Think of a mockumentary-style comedy with a Black cast and based in Philadelphia. Welcome, Abbott Elementary, and insert the fan base similar to those developed around Parks and Recreation and The Office. The sitcom about a group of Philadelphia public school teachers striving for their students to succeed has caught our attention as our favorite new comfort show. The show resonates with our inner child and the adult teacher in us.
It follows the classic storyline centered on Quinta Brunson, the ABC comedy creator, executive producer, writer, and star. Brunson’s character, Janine Teagues, is a second-grade teacher trying to do her best as we’re all watching and rooting for her. Without giving too much away, Brunson has a classic “will they or won’t they work” relationship with her new co-worker, but not to be overlooked; the overall plot tackles the genuine problem of underfunded public schools. The characters’ antics to secure classroom supplies mimics a struggle familiar to many real-life educators. Coming out of the pandemic, Americans have more appreciation towards teachers and caregivers, and this show makes us laugh and remember what public school teachers have to do to get their jobs done.
The critique of the American education system comes from a unique view as Brunson named the show after her former real-life teacher, Joyce Abbott, and her experience watching her mother’s real-life struggles as a teacher. Quinta says as a guest on the Kelly Clarkson Show, “When you’re the child of a teacher, you get to see teachers in a different light — like a ‘behind-the-scenes’ look,” she said. “It’s just getting such a different view, and I really credit my mom’s experience for helping me create the show.”
The show reminds us that Black teachers do much more than teach – they change lives. Abbott Elementary provides examples of how Black teachers leverage culturally relevant practices to impact the lives of their students—both socially and academically. Americans are reminded again that teachers are driven more by mission than by money, and for 30-minutes we watch while remembering the teachers that made a mark on our lives.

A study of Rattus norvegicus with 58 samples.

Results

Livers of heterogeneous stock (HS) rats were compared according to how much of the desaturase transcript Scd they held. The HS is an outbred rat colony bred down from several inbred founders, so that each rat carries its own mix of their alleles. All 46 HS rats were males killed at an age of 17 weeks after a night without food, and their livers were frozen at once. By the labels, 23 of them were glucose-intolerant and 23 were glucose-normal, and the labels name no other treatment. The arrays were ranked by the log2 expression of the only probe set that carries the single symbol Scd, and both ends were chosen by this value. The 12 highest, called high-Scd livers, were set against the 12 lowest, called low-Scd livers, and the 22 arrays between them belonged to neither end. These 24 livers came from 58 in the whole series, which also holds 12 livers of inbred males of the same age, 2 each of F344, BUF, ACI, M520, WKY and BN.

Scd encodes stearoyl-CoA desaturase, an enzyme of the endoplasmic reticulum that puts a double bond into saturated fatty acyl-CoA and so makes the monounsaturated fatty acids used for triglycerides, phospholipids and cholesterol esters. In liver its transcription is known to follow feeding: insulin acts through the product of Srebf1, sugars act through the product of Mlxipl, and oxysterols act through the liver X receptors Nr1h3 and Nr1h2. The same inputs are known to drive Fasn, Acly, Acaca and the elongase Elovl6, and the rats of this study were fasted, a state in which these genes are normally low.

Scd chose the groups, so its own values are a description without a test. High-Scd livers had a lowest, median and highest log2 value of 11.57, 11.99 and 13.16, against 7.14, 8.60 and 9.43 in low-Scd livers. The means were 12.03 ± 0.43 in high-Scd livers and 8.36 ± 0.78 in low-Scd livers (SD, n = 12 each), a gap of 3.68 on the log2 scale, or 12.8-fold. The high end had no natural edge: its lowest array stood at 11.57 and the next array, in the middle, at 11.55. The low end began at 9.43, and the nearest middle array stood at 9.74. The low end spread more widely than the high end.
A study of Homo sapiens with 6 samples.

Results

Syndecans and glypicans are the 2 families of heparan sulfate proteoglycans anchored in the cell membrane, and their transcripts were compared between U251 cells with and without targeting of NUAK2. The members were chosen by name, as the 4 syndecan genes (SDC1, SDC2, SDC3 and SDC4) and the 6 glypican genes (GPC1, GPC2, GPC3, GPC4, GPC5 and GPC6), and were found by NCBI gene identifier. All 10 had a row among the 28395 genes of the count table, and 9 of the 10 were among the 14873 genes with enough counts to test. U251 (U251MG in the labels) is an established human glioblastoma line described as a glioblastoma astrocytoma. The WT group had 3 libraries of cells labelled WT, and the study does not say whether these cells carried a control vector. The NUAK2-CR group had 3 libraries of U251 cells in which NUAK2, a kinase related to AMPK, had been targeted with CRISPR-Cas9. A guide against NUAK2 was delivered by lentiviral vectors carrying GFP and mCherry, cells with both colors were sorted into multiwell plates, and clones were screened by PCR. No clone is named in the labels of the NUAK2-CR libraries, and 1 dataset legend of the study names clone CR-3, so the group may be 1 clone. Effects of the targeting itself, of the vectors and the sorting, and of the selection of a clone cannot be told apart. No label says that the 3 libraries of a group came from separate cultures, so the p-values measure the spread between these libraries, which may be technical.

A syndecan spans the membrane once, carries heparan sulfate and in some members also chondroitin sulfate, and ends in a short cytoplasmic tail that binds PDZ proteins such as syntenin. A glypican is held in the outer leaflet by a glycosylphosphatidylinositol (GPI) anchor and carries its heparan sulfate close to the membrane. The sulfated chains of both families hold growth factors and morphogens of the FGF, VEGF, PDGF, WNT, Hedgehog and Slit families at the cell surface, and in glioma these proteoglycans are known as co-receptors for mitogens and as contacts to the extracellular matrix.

The teachers in Abbott Elementary, particularly the young, Black, idealistic ones, show us what is at stake as we tighten limitations on teachers. They remind us that these are not pawns in a political game but real people, often the kindest of people, doing the best they can with too little and not being applauded nearly enough.
Though there is innocence with the show, it comes with sexuality as commonplace and anxiety habits, and being on the verge of burnout is actually relatable. There’s no shortage of characters in the show. Brunson’s colleagues bring color as they include Sheryl Lee Ralph, the Tony nominee and original Broadway member of Dreamgirls, who plays the stern mother figure, and Chessie from The Parent Trap, who plays Lisa Ann Walter. Fans may recognize Tyler James Williams, who is all grown up from sitcom favorite Everybody Hates Chris.
Featured photo: Abbott Elementary/Los Angeles Times
Her work has been published in Refinery29, Elite Daily, the Copenhagen Post, and more. She studies public relations and corporate relations at NYU. She loves reading, cheese plates, reality TV, and event planning. She lives in Williamsburg, but Miami is her second home. Follow her on Instagram @alyssa_s_ashley.